By Niina Bailey and Alice Reynolds


This week we are celebrating International Women’s Day by showcasing some upcoming books written and translated by women.

Indeed, it is still important to give these authors and translators a platform too, as though, according to the European Commission, women account for over 75% of independent language professionals and about 55% of language company employees, the language services industry is owned and operated by men.

In publishing, the picture looks positive in the UK: according to some recent research, women are publishing more than men, and make up 64% of the total publishing workforce (78% of editorial, 83% of marketing and 92% of publicity), though, gender imbalances worldwide remain that still need to be addressed. Thus, as a column dedicated to this very industry, we are keen and excited to share some of the work of these amazing female writers and translators and honour the women who have significantly changed (and still do!) the publishing industry.

Ivan and Phoebe (Іван і Феба) by Oksana Lutsyshyna. Translated by Nina Murray, published by DeepVellum in June 2023.

Set in the last years of Soviet rule and the first years of Ukrainian independence, Ivan and Phoebe by Oksana Lutsyshya follows the lives of young people involved in the student protests in the Revolution on the Granite in 1990. The book shows the struggle of the characters as they navigate the rights to express free speech and protest and the models of marriage and home life in cities of Uzhgorod, Kyiv and Lviv. Trauma after revolution is discussed, as, while Ivan struggles to talk about his trauma, Phoebe’s monologues function as an insight into her pain.

The book won Ukraine’s Taras Shevchenko National Prize for Literature in 2021, which is the country’s highest state award for outstanding achievements in culture and arts. Oksana Lutsyshyna is a Ukrainian writer, literary scholar and lecturer in the Department of Slavic and Eurasian Studies at the University of Texas in Austin. This June, DeepVellum is publishing Nina Murray’s translation. Both female writers from Ukraine, the importance of the publication of this novel is manifold.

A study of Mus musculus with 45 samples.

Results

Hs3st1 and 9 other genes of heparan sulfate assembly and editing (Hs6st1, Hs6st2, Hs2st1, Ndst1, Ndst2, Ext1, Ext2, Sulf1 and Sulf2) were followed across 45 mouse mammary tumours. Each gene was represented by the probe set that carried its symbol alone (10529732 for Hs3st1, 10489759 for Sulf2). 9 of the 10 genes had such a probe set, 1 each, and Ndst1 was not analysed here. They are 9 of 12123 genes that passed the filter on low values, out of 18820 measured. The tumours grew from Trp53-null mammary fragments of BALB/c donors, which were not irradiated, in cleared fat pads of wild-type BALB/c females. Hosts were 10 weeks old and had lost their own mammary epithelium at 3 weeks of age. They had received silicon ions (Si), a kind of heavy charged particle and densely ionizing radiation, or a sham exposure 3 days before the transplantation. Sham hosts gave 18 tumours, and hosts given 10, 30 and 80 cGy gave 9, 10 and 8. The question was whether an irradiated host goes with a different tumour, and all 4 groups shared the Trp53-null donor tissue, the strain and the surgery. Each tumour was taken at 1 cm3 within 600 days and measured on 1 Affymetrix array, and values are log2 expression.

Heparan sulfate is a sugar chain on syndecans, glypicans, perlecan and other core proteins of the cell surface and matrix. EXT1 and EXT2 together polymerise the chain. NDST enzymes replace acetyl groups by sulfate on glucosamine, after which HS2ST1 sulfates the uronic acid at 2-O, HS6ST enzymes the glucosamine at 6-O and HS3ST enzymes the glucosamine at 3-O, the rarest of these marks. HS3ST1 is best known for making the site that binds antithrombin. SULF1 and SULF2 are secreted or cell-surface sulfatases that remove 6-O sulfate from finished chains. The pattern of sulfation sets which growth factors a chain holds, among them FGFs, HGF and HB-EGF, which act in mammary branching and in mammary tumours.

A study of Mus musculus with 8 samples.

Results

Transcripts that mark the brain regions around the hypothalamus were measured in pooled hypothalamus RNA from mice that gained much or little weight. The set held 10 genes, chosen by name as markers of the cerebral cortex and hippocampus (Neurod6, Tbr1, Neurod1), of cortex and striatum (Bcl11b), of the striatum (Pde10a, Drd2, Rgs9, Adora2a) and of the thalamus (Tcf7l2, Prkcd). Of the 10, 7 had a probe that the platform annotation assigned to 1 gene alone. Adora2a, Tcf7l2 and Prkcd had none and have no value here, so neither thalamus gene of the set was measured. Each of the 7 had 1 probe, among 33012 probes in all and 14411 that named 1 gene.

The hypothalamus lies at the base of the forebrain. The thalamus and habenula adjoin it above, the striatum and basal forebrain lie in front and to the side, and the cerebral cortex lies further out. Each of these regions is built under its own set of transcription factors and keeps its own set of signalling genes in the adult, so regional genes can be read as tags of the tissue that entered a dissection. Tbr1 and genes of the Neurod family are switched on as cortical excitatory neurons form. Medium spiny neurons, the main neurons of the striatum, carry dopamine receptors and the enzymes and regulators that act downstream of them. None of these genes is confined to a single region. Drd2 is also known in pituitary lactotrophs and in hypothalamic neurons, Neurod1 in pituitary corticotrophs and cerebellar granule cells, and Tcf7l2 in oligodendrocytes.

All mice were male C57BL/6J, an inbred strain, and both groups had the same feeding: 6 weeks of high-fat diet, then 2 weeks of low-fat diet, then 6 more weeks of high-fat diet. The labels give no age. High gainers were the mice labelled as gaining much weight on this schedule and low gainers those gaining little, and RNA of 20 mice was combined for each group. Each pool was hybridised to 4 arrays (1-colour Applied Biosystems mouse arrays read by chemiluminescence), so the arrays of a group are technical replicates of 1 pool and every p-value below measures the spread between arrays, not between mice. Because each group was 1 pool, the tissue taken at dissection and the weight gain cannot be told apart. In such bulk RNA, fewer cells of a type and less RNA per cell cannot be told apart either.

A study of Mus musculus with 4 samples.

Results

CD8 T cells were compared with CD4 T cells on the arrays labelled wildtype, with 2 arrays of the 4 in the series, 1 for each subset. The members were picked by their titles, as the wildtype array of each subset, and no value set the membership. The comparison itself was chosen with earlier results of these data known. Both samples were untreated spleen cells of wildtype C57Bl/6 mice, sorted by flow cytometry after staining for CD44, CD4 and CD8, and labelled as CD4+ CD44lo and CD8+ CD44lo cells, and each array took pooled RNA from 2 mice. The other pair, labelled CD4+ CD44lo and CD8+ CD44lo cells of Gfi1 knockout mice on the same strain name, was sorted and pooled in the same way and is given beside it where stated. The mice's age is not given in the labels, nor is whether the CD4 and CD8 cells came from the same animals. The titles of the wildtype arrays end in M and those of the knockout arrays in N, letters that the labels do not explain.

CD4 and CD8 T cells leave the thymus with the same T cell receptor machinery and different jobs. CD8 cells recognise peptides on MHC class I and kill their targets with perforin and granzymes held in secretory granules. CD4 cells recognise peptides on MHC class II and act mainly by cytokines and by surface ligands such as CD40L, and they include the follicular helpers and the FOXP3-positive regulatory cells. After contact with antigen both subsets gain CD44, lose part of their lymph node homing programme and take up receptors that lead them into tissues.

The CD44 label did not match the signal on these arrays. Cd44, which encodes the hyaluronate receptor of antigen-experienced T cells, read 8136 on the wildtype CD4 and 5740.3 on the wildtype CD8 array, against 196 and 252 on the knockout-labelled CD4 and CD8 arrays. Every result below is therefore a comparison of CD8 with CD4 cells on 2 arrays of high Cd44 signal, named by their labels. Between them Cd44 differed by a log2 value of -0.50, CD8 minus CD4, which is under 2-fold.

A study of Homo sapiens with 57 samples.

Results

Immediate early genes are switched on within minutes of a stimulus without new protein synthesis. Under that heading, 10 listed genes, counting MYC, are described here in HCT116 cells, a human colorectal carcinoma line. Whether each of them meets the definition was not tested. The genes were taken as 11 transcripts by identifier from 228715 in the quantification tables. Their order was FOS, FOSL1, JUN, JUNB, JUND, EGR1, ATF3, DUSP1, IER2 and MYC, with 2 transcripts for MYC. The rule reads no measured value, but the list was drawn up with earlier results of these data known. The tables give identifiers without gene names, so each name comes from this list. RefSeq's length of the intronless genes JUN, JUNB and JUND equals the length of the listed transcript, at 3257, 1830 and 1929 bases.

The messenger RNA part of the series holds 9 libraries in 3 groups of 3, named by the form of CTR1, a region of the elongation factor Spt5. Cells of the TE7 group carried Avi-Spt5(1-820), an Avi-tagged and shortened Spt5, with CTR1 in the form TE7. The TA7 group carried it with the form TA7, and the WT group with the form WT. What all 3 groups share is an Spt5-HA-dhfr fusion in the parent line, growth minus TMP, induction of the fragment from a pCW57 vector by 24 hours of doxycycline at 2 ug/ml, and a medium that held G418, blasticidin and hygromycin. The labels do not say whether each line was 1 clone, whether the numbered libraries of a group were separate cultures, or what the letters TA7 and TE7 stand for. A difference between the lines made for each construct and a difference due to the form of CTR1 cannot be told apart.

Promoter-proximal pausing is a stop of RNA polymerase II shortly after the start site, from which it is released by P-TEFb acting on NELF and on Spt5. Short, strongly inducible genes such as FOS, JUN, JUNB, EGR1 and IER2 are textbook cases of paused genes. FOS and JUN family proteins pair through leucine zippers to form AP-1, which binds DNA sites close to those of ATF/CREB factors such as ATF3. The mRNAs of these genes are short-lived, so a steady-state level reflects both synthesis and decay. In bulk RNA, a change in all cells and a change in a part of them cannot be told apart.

What You Are Looking For is in the Library by Michiko Ayoama. Translated by Alison Watts. Published by Doubleday in 2023.


What You Are Looking For is in the Library is a love letter to books, libraries and getting the perfect book recommendation. It follows Sayuri Komachi, a librarian in Tokyo. However, she is not just an ordinary librarian; she can read the souls of anyone who comes into her library. She can sense exactly what they are looking for in their lives and gives them the perfect book recommendation that will help them find it. The people who come into her library are all at a crossroads in their lives and the books Komachi recommends to them will change their lives. This book promises a cosy reading experience and is perfect for book lovers.


What You Are Looking For is in the Library has been very successful in Japan. It has become a bestseller and it was shortlisted for the Japan Bookseller’s Award. It is being translated into fifteen languages. It has been compared to The Midnight Library and Before the Coffee Gets Cold so if you enjoyed these books, this might be the book for you. I, for one, cannot wait to read it. It will be published on the 10 August.


The Wind Knows My Name by Isabel Allende. Translated by Frances Riddle. Published by Bloomsbury in 2023.


The Wind Knows My Name is the newest book by Isabel Allende who has been described as “the world’s most widely read Spanish-language author.” It is told in two timelines, one starting in Vienna in 1938, and the other in Arizona in 2019. In 1938, six-year-old Samuel Adler’s father disappears during Kristallnacht. Samuel’s mother cannot guarantee his safety so she puts him on the last train transporting children out of Nazi-occupied Austria to England. He travels alone with almost nothing with him. Eighty years later, seven-year-old Anita Diaz and her mother flee danger in El Salvador to the United States. However, Anita gets sent to a border patrol facility in Arizona as a result of the new family separation policy. She tries to deal with her new reality by escaping to a magical world in her imagination. Meanwhile, a young social worker is trying to find Anita’s mother.


The book intertwines these two timelines and follows Samuel and Anita as they search for their family and a home. It explores migration and belonging, which Allende has personal experience with as she had to flee Chile in 1973 after general Augusto Pinochet took over the country in a military coup. The Wind Knows My Name promises to be a hard hitting story that is still very much rooted in reality. It will be published on the 6 June.